A fresh chapter in the story of Desi Chinese? What to expect in Hakkasan India's newly launched 'only at Mumbai' collection.

With chef Raymond Wong at Hakkasan Mumbai
"You are very Chinese," said the ever smiling chef Raymond Wong of Hakkasan Mumbai, when he heard my reactions to the 'only at Mumbai collection' that they are about to introduce at the restaurant & whose tasting I had been invited to last evening. The idea I am told is to use Hakkasan's cooking techniques but bring in a higher proportion of ingredients local to markets where they are based, in these dishes. An idea which made a lot of sense to me given that Chinese cooking does believe in using local and seasonal ingredients too from what I understand.
Noodles in superior stock
My favourite by miles at the tasting last night and what I am dreaming of today too, was the noodles stewed in 'superior stock'. The stock used chicken bones and feet and was reduced to half over 6 hours the chef told me. The flavours in it were phenomenal and rendered the king prawns on the side of the plate superfluous in my opinion.
Braised goat meat with taro
I loved the braised goat meat too. Cooked again over 6 hours using a variety of techniques at each step. It has to be one of the best renditions of Indian goat meat that I have had anywhere and across genres in terms of its smokiness and meatiness and layered texture.
Village styled chicken
The village style sliced chicken, steamed in lotus leaves won my heart too. I had earlier told the chef about how I had enjoyed eating chicken feet dim sum at Tim Ho Wan in Hong Kong. He later smiled and said, "I knew you would like this when you told me that you had liked chicken feet." I loved the texture of the chicken and the clean flavours of the jus.
These are the three dishes which best did justice to the chef's skills in my opinion.

Duck cooked with alphonso mango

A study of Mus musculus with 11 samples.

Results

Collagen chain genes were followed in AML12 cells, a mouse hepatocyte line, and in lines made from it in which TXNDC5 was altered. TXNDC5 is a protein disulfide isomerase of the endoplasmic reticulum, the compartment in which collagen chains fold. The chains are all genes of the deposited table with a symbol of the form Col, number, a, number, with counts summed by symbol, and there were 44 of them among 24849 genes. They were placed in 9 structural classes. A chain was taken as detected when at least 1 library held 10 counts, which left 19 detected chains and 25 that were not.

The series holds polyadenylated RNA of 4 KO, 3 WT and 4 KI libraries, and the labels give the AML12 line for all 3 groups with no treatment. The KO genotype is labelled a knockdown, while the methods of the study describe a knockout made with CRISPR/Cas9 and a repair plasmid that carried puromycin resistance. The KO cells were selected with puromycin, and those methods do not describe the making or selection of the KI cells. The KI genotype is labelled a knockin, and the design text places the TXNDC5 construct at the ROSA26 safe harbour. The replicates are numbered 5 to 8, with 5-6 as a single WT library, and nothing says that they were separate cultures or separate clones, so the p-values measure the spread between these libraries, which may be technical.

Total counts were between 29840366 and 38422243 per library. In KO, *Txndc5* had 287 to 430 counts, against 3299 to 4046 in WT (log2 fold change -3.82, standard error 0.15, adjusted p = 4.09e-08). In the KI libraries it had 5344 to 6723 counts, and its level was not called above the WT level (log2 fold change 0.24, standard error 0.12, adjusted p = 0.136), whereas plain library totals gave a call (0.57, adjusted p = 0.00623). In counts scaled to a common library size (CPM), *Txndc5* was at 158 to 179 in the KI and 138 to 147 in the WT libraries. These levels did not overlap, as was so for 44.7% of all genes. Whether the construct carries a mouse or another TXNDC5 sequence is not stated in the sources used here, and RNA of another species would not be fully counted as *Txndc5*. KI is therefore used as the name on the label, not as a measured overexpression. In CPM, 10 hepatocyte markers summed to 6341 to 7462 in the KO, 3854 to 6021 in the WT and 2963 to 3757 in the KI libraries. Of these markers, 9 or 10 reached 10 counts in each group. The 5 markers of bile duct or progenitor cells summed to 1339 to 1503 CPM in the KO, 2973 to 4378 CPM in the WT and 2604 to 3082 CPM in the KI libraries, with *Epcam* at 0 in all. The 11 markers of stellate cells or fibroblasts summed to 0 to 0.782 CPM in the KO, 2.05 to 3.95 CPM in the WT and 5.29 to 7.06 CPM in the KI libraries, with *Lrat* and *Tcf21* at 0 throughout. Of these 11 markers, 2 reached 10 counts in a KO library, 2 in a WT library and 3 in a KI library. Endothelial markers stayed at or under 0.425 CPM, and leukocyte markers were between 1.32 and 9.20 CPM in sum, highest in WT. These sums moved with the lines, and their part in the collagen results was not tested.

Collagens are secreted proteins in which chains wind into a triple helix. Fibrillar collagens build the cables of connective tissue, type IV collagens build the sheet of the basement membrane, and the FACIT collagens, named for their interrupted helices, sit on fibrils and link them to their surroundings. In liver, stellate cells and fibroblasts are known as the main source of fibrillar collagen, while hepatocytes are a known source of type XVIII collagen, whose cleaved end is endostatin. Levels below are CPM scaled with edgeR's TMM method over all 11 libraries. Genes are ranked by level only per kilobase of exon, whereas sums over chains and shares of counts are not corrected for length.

The roast duck cooked slices of alphonso mango and lemon sauce was just the salve I needed after tasting the rather spicy tofu and then the spicy sauce served with soft shell crabs that I had at the start of the meal. The duck was beautifully cooked and took in the flavours of the mango and the mango slices gave a very strong flavour contrast and sugar rush which was balanced by the meatiness of the duck.
Very spicy tofu. Menu says 'crunchy' but it melted
in your mouth
There were some dishes which were made with the belief that "Indians like spice," and those didn't excite me. The crunchy tofu and the kokum prawns with loads of chilli for example. Or the crab rice Madras curry powder. To me they smacked of desi Chinese but I am told that most guests who have tried it love the chilli punch.
The prawns in the both the prawn dishes that I tried were a but tough to cut but I guess it a matter of time before the chef gets as comfortable with the local prawns as he has with the goat, duck and chicken here.

When the chilli shrouded the prawns and the mushrooms

Crab fried rice AKA masala bhaat
They have introduced Indian flavours in the cocktails too! Their bars manager for Asia, Mathew Hall, who is based in Shanghai, had come Mumbai to work on these cocktails. He had gone to the local spice markets for inspiration.
I was intrigued by something called the 'biryani martini' and tried it eventually. It seemed more a Karan Johar Punjabi wedding sequence thandai to me than something Mr Bond would like but hey I am not much into cocktail to start with. The balance of ingredients showed admirable restraint but it just wasn't what I had in mind I think of a martini.

However, the smoky saffron negroni with turmeric infused gin, saffron, Campari nd sweet vermoth, which was smoked and served, did have a certain dry intensity to it which I feel could make it feel at home at some of the swank piano bars in Hong Kong, Singapore or Tokyo which I have been to.

Desi Chinese?
Well there were shades of it in some of the dishes and I guess that would bring in those who want a fiery punch in their meals. However, I did find the use of local ingredients in some of the dishes by the chef sticking to his native cooking techniques quite interesting and the resultant dishes, appealing.
Guess it is a bit of mixed bag out there.

Note: I was hosted in the dinner and the pics are of tasting portions
PS: This is the link to a post I had written long back when Hakkasan was new to India. We had quite enjoyed that meal.